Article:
Do wild animals have an obesity problem?

When it comes to the question of why we eat what we eat, the animal kingdom is a rather contrasting reflection that reveals how much we differ in our natural eating rhythms; food for human beings is far more consumed based on our relationship with ourselves and the world around us than it is for supplying our body with the necessary fuel it requires to live and thrive.

Whilst obesity in dogs, cats and domesticated animals is exploding,[i] a fat wild animal is not to be seen. Is there something we have lost – a connection to ourselves – that wild animals have not? Wild animals eat what they need – no more, no less – with no fries, extra salt, second serves or super-sized portions and, far from being miserable, sick, tired or anxious, they live every day vital, aware and engaged. Unlike us they do not struggle with ‘to be or not to be’, they just are. The giraffe does not try to be a lion, and the zebra does not count its stripes to know if it is beautiful, good enough or accepted and approved: they don’t need to soothe emotional unrest.

What, how and when we eat has strayed very far from our connection to an internal compass that knows by feel what we need and is at ease with our role and purpose in the world that we are all, humans and animals, equally part of.


Are we influenced by our intellect rather than trusting our own natural wisdom?

Is it possible that weight loss has nothing to do with food, and everything to do with our connection to ourselves and our awareness in life?

Remember when you were a child and you woke up feeling alive and ready for the day? When you didn't need anything to get you out of bed and into the day? It is common that somewhere along the line from having this feeling as children to becoming an adult, we lose connection to this way of being within ourselves and become weighed down, dulled or anxious and start to use food as way of self-medicating our uncomfortable feelings and filling the emptiness that grows beneath the surface of our lives.

"Eating to fill an emptiness is eating to fill a void that could be otherwise filled with the love that you are."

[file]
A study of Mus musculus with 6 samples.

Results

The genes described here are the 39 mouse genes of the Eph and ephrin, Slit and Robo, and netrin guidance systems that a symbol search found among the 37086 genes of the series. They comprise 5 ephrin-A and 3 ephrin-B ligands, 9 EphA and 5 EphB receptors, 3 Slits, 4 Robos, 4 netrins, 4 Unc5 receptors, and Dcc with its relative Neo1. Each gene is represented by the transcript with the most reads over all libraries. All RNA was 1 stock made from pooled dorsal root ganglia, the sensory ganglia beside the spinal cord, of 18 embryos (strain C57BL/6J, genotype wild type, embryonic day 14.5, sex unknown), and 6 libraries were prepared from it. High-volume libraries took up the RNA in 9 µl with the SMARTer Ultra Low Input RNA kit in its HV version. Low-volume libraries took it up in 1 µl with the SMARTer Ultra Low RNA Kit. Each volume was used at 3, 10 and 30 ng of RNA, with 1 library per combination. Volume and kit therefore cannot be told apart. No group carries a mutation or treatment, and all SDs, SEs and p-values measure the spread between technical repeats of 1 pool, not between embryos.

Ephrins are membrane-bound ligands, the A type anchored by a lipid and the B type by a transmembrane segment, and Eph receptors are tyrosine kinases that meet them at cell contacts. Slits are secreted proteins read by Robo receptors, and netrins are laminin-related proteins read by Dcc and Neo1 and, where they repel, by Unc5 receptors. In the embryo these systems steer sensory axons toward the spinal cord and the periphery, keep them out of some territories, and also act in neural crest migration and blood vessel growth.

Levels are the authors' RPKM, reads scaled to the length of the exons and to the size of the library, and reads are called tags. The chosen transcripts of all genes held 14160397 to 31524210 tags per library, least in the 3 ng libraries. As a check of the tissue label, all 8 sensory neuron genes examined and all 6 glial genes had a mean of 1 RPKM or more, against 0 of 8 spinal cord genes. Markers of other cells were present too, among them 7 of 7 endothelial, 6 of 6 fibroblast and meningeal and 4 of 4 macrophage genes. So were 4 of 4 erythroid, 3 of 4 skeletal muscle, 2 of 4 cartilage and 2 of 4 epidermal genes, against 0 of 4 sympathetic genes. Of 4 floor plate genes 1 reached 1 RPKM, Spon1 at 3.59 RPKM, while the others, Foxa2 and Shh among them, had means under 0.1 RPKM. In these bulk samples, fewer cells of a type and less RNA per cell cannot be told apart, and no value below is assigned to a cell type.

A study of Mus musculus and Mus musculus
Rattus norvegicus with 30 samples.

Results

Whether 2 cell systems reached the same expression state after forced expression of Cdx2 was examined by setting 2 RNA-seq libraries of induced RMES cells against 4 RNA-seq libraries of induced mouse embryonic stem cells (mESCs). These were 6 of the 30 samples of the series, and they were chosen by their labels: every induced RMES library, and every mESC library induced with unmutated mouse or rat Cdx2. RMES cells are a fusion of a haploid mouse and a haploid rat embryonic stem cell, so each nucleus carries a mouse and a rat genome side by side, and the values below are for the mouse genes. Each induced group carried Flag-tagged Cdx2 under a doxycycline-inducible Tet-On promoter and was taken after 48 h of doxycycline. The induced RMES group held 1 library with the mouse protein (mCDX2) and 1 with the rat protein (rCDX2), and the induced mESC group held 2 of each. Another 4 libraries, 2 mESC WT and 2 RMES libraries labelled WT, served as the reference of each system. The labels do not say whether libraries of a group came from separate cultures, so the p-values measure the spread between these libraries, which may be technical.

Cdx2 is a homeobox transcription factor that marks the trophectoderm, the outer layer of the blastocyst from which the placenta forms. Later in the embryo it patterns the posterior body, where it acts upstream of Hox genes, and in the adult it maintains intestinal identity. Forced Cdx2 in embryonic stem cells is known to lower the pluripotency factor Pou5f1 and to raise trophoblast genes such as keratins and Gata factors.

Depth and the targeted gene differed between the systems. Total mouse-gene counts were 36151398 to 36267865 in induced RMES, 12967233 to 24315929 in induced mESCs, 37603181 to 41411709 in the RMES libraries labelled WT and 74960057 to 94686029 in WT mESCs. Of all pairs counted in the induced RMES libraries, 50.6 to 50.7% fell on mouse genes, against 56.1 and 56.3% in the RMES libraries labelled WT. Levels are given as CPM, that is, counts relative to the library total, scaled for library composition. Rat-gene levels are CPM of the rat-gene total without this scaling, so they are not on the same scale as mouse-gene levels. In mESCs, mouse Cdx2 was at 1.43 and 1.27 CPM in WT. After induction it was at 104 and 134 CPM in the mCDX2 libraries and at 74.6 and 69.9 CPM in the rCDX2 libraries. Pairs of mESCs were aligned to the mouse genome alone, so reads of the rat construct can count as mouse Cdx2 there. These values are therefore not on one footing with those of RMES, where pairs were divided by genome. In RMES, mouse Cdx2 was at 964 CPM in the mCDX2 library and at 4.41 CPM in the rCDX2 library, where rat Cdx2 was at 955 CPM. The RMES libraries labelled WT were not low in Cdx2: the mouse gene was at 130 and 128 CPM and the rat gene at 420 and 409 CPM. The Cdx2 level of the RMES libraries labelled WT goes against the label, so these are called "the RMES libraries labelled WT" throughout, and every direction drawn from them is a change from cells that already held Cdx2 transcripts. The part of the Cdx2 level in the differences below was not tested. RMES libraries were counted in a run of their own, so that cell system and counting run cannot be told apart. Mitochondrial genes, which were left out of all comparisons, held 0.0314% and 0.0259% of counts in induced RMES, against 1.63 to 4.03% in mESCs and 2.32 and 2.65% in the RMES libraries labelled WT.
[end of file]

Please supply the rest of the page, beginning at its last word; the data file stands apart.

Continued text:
Michael Benhayon

If we consider that food is one of the first elements we have access to and are offered from our early years as a means to comfort ourselves from uncomfortable feelings, it is understandable that eating becomes a behaviour we continue to use to cope because it has seemingly worked for us, but the effects come with a price that costs us our body, our vitality and our joy, in a way that we cannot truly appreciate until we begin to once again live and eat in a way that invites their return.

Wild animals remind us of this and in comparison to them we only have to look at the state of our bodies across the globe to see how our relationship with food has strayed away from supplying fuel for the natural health of our bodies, to eating in a way that is fuelled by emotions and needs that no amount of food can ever deliver us.

Looking at programs and photos of wild animals it is remarkable to see and feel in their stature and gaze the quality of connection that these animals have with themselves – their presence in their bodies is clearly seen, as is their awareness of and relationship with their environment. They are not trying to please anyone, to do anything to fit in, they are just being themselves eating, resting and living in accord with, not against, their bodies.

Why don’t we eat in a way that is consistently honouring and in accord with our body and its simple requirements for sustenance?

"You want an answer for why there is so much worldwide obesity and why it is still escalating? People put on weight to hide their light and or hide their emotional pain. It is as simple as that."

Serge Benhayon Esoteric Teachings & Revelations, p 613

Our environment makes it easy to disconnect from the natural rhythms our bodies and the bodies of wild animals are tuned into by design. When we stray from this connection and live outside of the rhythm that encompasses all of life equally, complications arise and humanity showcases these in our physical, mental and emotional states of ill health.

Do wild animals have an obesity problem?

No. Yet we human beings, despite our sophisticated advances, have much to learn from animals living in the wild in tune with a rhythm we have overridden, but can return to, by turning down the volume of the world and making it easy for ourselves to listen to the tune our bodies know by heart when it comes to sleeping, moving, eating, working and playing well. When we are connected to the natural quality that we are, we are inspired to live in a more harmoniously balanced way than our current state, which leads us to live, eat and indulge in ways that abuse and cause us harm.

To watch a wild animal move is like seeing a symphony play out as every part of their body moves with purpose and in flow towards the task at hand. They are present, focused and aware and their eyes are taking everything in. For we human beings our bodies, eyes and our waistlines reflect our fluctuating relationship with the natural rhythm that our wild animal kingdom forever reminds us is there for us to connect with, tune into and live in accordance with, to our great benefit and our true evolution.

  • [i]‘killed-with-kindness’


  • By Adrienne Ryan

    I’ve always been interested in understanding the underlying cause and effect behind what we experience in life and for this the heart is the greatest teacher any student could have.

  • Photography: Dean Whitling, Brisbane based photographer and film maker of 13 years.

    Dean shoots photos and videos for corporate portraits, architecture, products, events, marketing material, advertising & website content. Dean's philosophy - create photos and videos that have magic about them.